A developer of senior communities is proposing to build a 52,688-square-foot assisted living facility on East Main Street between Geneva Street and Crater Lake Avenue.
The craftsman-style, three-building project replaces a design that included a sky bridge connecting to a Frank Clark-designed house west of the property. The historical commission rejected that plan a year ago.
Developer Alex Jauregui submitted the new plan for the 1.53-acre property at 815 E. Main St. designed by Medford architect David Evans, president and partner of Ron Grimes Architects.
The project is set to go before the Medford Land Development Committee in Room 151 of the Lausmann Annex adjacent to City Hall at 9:30 a.m. Wednesday, Jan. 23. That meeting will be primarily for city staff to consider the matter with the developer.
A staff report is due out a week before the Feb. 15 Site Plan and Architectural Commission review.
"What made it controversial in the last round were the changes proposed to the historic house," said Kelly Akin, a senior planner for the city.
This application does not include the historic house at all. They plan to do some demolition and remodel work ending with three buildings — two connected and a third one independent. There are four (building) footprints now and it will be reduced to three."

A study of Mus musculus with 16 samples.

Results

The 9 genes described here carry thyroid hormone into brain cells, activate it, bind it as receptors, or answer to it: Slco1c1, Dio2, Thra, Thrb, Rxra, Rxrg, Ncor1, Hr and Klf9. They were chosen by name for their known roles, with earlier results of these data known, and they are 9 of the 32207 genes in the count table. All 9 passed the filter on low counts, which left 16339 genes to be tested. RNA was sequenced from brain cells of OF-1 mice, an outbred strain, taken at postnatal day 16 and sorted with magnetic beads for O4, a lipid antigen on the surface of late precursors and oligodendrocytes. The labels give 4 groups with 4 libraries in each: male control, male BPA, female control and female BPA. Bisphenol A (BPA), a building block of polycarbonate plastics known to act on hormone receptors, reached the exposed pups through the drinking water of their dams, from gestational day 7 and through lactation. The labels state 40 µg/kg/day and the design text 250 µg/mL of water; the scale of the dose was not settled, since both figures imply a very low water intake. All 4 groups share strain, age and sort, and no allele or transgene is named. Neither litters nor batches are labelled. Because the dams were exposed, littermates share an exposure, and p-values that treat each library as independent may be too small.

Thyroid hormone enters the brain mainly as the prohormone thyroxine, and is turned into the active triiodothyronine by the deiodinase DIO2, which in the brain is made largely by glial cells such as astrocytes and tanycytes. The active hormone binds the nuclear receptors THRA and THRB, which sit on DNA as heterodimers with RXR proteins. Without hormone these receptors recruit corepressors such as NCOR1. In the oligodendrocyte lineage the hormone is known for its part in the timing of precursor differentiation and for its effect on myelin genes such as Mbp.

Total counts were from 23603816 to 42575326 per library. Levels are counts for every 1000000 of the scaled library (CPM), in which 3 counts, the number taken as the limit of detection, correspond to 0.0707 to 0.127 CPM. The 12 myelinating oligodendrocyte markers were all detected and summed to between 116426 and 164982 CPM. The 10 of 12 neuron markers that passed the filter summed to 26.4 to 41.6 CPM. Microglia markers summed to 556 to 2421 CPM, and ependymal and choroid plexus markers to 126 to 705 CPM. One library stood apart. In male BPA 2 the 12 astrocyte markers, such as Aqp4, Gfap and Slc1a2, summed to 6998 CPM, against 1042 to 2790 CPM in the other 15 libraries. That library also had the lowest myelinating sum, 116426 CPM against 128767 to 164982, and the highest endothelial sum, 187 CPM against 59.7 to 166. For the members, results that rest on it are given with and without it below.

The Jauregui family acquired the property for $1 million in 1997, according to county records.
A third-floor veranda facing East Main and a covered passageway would connect two of the buildings. The 67-bed center would include beauty salons, theaters, recreation and craft areas, "with a lot of common spaces and activity rooms," Evans said.
Jauregui did not return a phone message on Thursday.
Homeowners in the adjacent Geneva-Minnesota District objected to the first assisted living center plan. Before that, they objected to a methadone clinic at the site.
The Site Plan and Architectural Committee will make its determination based on compatibility with surrounding uses and whether the project complies with code standards, Akins said.
"Compatibility is a very interesting criteria, because it includes appearance, scale, design and how it functions," Akins said. "It's a bit of challenge because it's subjective."
Reach reporter Greg Stiles at 541-776-4463 or e-mail email@example.com.